Debit Cards Tied to Higher Calorie Consumption for Kids
When making food choices, using cash or card can play a huge factor for children. In a new study, researchers examined the relationship between money and calories consumed within the school cafeteria. The researchers found that children who are given cash to pay for school lunch tend to make healthier food choices and end up eating fewer calories.
"Kids are much, much, much more likely to take desserts and are much less likely to take fruits and vegetables [with their debit cards]," behavioral economist Brian Wansink from Cornell University stated reported by NPR. "In contrast to that, in schools where kids are paying cash, kids not only buy a lot more fruit but they also buy a lot less dessert."
For this study, Wansink worked with David Just and tracked the behaviors of 2,300 students from 287 schools throughout the nation. The participants were in grades one through 12. The researchers found that children who were given debit cards were more likely to end up overeating. Children who used cash were three times more likely to buy vegetables. They also consumed around 10 percent fewer calories.
The researchers reasoned that since debit or credit cards are more abstract than bills, people might not be as worried or as concerned about their actions. By using cards, the financial pressures are pushed into the future. The researchers believe that this attitude could translate over to eating as well.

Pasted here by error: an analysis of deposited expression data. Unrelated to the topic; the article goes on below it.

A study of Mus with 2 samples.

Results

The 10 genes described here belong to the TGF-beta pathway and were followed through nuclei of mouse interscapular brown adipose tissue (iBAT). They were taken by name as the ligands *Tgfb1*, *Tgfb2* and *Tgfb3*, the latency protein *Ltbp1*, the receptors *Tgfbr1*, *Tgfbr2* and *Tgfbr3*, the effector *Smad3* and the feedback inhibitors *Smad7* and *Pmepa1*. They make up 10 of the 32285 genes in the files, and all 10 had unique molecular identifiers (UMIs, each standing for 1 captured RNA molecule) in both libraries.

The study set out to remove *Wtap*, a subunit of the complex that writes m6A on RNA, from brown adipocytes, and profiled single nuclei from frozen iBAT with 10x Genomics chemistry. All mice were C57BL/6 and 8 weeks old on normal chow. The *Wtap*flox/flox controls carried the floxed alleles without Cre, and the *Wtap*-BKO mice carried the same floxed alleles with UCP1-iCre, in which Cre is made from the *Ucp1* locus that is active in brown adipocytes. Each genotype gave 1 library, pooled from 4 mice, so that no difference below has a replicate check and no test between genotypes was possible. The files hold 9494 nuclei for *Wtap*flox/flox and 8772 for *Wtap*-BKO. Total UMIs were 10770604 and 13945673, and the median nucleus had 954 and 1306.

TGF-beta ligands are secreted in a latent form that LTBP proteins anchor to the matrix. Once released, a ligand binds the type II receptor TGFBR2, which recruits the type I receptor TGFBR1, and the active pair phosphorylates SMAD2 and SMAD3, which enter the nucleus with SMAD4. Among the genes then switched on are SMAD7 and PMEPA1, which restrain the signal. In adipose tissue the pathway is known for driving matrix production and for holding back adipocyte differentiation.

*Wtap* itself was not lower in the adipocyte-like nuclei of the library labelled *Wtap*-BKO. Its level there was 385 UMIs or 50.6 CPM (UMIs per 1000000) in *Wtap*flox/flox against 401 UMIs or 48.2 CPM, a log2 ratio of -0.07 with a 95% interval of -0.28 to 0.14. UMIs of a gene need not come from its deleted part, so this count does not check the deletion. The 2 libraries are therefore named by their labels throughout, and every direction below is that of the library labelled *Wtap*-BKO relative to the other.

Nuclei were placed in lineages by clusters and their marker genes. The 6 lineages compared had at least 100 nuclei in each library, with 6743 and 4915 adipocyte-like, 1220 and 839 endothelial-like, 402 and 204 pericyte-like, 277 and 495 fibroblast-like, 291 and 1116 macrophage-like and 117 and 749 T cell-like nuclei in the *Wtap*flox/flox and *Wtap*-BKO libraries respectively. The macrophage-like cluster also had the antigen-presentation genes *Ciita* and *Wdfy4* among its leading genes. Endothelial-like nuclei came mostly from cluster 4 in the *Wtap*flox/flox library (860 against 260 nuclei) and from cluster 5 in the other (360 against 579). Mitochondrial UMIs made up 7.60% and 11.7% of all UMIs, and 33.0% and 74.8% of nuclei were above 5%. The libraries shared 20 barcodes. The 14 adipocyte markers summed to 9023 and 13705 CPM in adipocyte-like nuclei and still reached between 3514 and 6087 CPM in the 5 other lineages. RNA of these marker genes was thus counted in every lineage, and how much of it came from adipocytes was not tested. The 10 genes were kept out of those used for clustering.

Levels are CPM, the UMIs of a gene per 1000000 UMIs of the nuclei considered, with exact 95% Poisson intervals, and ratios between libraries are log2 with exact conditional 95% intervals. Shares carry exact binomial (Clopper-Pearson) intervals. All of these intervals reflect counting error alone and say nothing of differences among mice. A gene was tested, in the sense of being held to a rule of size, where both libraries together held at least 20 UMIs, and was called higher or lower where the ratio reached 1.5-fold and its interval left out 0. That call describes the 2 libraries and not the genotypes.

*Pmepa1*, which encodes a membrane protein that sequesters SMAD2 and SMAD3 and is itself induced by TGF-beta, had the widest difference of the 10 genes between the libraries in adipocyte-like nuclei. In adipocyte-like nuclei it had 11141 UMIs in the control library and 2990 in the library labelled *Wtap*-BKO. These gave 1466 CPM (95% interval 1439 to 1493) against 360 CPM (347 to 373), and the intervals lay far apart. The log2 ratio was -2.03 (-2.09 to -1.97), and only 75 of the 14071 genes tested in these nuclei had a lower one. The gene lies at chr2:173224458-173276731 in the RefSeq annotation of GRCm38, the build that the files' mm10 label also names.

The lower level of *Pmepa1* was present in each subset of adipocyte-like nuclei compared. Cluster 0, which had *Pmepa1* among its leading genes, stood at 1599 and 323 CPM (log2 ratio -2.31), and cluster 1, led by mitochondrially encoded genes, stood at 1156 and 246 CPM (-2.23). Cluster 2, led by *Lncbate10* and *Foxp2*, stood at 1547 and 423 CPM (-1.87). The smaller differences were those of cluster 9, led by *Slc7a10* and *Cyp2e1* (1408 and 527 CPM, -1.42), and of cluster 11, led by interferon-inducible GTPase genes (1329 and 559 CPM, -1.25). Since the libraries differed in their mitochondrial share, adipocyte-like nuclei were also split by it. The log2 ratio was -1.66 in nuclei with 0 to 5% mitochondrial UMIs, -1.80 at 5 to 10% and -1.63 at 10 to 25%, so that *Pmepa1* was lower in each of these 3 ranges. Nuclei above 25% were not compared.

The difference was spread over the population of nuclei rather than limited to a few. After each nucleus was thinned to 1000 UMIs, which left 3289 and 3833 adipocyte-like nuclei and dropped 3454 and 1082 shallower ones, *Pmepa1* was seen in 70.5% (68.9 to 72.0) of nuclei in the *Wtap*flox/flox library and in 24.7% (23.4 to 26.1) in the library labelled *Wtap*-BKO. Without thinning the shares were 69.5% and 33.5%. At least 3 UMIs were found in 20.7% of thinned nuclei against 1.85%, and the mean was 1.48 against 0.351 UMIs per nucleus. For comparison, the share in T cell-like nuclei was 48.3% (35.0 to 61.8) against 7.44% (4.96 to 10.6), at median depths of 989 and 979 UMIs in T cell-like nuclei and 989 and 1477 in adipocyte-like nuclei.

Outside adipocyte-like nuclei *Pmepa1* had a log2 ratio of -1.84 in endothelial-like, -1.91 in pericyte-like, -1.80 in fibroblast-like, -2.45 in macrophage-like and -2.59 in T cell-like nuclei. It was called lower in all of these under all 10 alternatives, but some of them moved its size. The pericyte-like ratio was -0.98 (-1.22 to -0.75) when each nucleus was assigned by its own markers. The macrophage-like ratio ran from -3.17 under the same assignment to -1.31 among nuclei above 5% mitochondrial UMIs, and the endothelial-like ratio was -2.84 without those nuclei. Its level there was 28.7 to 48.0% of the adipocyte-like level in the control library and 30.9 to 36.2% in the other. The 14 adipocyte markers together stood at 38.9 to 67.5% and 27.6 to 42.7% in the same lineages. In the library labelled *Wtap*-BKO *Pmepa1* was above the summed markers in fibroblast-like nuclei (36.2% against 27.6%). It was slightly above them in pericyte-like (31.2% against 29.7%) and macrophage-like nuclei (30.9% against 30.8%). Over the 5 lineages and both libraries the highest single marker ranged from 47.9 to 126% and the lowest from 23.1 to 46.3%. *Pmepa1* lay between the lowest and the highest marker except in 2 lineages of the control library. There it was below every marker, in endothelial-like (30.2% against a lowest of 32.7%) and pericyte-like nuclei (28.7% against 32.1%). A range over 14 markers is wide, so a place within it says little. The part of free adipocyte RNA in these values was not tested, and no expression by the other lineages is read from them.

"What I put in my mouth doesn't actually matter, because those consequences are also far off in the future," Wansink explained.
In the report, Wansink provided some suggestions in preventing students from making unhealthy choices. He stated that schools could sell snacks and desserts as cash-only items whereas fruits and vegetable could be purchased with a debit card. Wansink also recommended placing items, such as cookies, out of reach, forcing children to ask for the cookies. Oftentimes, young children are in a hurry and would rather join their friends than waste seconds on getting a cookie.
"When we put cookies behind the lunch line so that kids have to ask cafeteria workers to pass it to them, cookie sales dropped dramatically," Wansink said. "In some cases [it was] as much as 50 percent, simply because a kid has to wait for 10 seconds to say, 'Can you please hand me a cookie?'"
The findings were published in Obesity.